The Get Up Kids balance a mature approach and sound


But these poster children are now adults -- and the poster could easily read, "Have you seen this band?" With the Get Up Kids' third recording, the new On a Wire, the band has held onto the heart, if not the recognizable form, of emo.

"It's like playing that game 'Telephone,' where you pass the 'rumor' and everything gets fucked up by the end of the circle," says keyboardist James DeWees, the group's spastic show-stealer, who joined the five-piece in 1999 and also plays in Reggie & the Full Effect and Coalesce. "That's what determining what 'emo' means now is like. It's a mess, but I wouldn't say it applies to us anyway. We play rock 'n' roll."

So the rumors are true. The Get Up Kids -- emo's shining light -- are, for the most part, no longer writing what DeWees describes as "cuttin' steak music" -- the kind of churning pop-punk that slices quickly back and forth. Listening to the swaying acoustic strum of "Overdue" -- On a Wire's first track, which plays out like an Elliott Smith outtake -- you'd think the Get Up Kids' get-up-and-go got up and went. But nothing really went away on the new album. Rather, more aspects of the band went into it. On a Wire explores a more classic roots-rock sound, from the alt-country of "Stay Gone" to the calliope crunch of "The Worst Idea" to the obvious Beatles influence of "All That I Know."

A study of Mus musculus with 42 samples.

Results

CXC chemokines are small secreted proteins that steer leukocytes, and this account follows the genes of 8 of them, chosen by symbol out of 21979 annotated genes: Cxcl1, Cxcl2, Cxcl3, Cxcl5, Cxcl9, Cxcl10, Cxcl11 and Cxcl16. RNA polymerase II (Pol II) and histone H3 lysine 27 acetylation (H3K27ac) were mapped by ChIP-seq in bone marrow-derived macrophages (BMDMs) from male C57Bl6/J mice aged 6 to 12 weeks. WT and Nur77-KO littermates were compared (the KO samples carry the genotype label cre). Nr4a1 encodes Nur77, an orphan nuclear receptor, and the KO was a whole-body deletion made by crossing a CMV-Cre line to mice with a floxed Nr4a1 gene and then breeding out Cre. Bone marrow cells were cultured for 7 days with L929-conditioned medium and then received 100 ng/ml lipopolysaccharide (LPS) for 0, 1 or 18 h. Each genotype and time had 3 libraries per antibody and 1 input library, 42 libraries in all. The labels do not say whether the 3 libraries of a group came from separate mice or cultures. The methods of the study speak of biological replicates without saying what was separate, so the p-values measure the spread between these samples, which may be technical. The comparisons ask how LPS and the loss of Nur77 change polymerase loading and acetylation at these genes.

"I don't know if our decisions are so much mature," says DeWees. "I'm still pretty immature -- you can ask my parents. But we decided that, for the first time, we were all going to write, instead of one or two people. And we all got into new kinds of music, so maybe our tastes matured. There's a world beyond pop-punk and the indie section. There's a whole record store."

The Get Up Kids are currently touring with Superchunk, whose energetic indie spirit, nasally wail and later focus on production over pogoing could easily be seen as a pattern for the Get Up Kids' progress.

"For the first couple records, you're all like, 'Wow, we're making a record, we're touring, and that exuberance can be heard in your records," recalls Superchunk guitarist/singer Mac McCaughan. "But I think at some point, it becomes easier to go in more directions when you slow it down. There are ways to write fast, catchy melodic songs. But after a while, the limitations become obvious. You can have certain instrumentations -- like strings -- in a really fast song, but it would sound bizarre. And slower songs give the most space to execute ideas."

While Superchunk's evolution was aided by producers like Chicago's Jim O'Rourke and North Carolina's Brian Paulson, the Get Up Kids turned to famed R.E.M./Indigo Girls/Patti Smith producer Scott Litt to help develop their 26 demos into 12 actualized songs. The result is a loose but confident collection that succeeds where other emo bands attempting to redefine their sound (e.g., Milwaukee's The Promise Ring) have failed, by eschewing the gloss while retaining the variety.

"Recording [which took place over five weeks in Connecticut] was structured pretty much the same as always," recalls DeWees. "But [Litt] opened up everybody to 'less is more' recording. The album was this way when we went to the studio; he just helped us realize it."

So while the amps on On a Wire may be turned down, emotions still run hot.

The Get Up Kids play Thurs., June 27, at the Masquerade, 695 North Ave. Superchunk and Hot Rod Circuit also perform. 10 p.m. $15. 404-577-8178.